Horror master Wes Craven: From Wheaton College to Freddy Krueger
Looking back over the horror movie career of the late Wes Craven, I would come to an obvious conclusion that he made excellent use of his English and psychology degrees from Wheaton College.
"Movies are society's dreams," Craven told me in a 1994 interview he conducted in a limousine en route to a retrospective of his work at the Chicago International Film Festival. "People go into a theater, the lights come down, they slip into a dream of an altered reality. Horror films are a legitimate part of our psyches."
Craven, a celebrated genius of horror who electrified audiences with "Last House on the Left" and "The Hills Have Eyes" before launching the "Nightmare on Elm Street" and "Scream" franchises, died of brain cancer on Sunday. He was 76.
"A story about things that frighten us lessens the effect that those things have on us," he said. "People are always so concerned about the effect that these films (horror movies) have on children. I can tell you what that is.
"After a screening, kids would come out of the theater with these huge smiles on their faces. They would pump my hand and pump Robert's hand ('Elm Street' star Robert Englund) and say, 'Thank you! Nobody's doing this for us.'"
Craven was not so happy in 1988 when I interviewed him for the release of his voodoo thriller "The Serpent and the Rainbow."
Freddy Krueger and the "Elm Street" movies had been taken over by producer Bob Shaye, who turned Englund's child rapist and murderer into a "buffoon," Craven said, to make the character more commercial.
"I felt that Freddy was the paradigm of the threatening adult," Craven told me. "Freddy stood for the savage side of male adulthood. He was the ultimate bad father. It's a sickness where youth is hated. Childhood and innocence are hated ... He tries to snuff it out. He's the most evil human being you can imagine."
Still, Freddy became the No. 1 Halloween costume for children during the 1980s.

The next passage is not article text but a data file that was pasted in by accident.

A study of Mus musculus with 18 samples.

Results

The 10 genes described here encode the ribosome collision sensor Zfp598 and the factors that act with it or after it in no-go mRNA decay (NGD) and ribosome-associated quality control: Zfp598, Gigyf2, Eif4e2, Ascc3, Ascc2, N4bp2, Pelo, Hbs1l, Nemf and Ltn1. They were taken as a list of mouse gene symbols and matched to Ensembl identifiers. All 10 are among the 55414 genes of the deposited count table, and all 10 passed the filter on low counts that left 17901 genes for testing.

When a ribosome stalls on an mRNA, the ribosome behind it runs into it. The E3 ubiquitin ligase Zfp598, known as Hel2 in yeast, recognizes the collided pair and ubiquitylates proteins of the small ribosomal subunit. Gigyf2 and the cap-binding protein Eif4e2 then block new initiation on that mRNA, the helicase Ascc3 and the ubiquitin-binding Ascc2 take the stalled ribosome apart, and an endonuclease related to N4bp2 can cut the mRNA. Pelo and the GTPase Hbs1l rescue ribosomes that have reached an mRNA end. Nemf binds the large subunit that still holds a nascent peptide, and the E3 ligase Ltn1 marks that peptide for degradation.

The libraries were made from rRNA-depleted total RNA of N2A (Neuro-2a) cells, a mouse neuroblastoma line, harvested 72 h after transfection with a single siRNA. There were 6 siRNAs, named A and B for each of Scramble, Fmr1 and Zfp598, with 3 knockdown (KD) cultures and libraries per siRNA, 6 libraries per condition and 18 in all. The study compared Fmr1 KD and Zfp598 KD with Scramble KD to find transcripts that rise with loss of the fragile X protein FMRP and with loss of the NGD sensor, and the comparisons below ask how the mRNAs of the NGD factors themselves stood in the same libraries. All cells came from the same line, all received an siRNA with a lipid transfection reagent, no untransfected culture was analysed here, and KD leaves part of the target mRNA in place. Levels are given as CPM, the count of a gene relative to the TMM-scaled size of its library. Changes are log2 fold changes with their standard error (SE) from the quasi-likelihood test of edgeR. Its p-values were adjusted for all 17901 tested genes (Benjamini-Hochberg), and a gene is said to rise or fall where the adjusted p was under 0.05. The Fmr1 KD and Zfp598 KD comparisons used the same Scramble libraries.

Craven hated Shaye's sequel to his "Elm Street" original.
"I detach myself from it," Craven told me. "I never intended to make a sequel, 'Nightmare 2' I discount all together. 'Nightmare 3' I thought was an interesting setup. I'm not interested in participating in any more."
Then Craven experienced The Dream.
In his dream, he was at the 10th anniversary party for the "Elm Street" movies with Englund, Shaye and star Heather Langenkamp. Craven noticed that Englund's shadow moved independently from the actor.
"It appeared to be that the shadow was casting the actor instead of vice-versa," Craven said. "I felt the presence of a great spirit of evil. This was the thing I had glimpsed and written about for the original movie. When I woke up, I knew I had the story."
And that's how "Wes Craven's New Nightmare" came to be. The original cast members play themselves as actors harassed by a man who claims he's Freddy. And it's not Englund being funny.
"Evil has always been in the world," Craven said.
A tribute to CravenA tribute to the late Wes Craven will be held by horror fans and the filmmaker's ex-wife, actress Mimi Craven, on Friday and Saturday, Oct. 30-31, at the Hollywood Palms Cinema in Naperville.
Mimi Craven appeared in "A Nightmare on Elm Street" (1984), "Swamp Thing" (1982) and "Mikey" (1992). The actress had already been scheduled to appear at Hollywood Palms. After Craven's death at the age of 76 on Sunday, it was decided to turn the visit into a tribute and add a fundraiser for brain cancer research.
Go to hollywoodpalmscinema.com for tickets and details.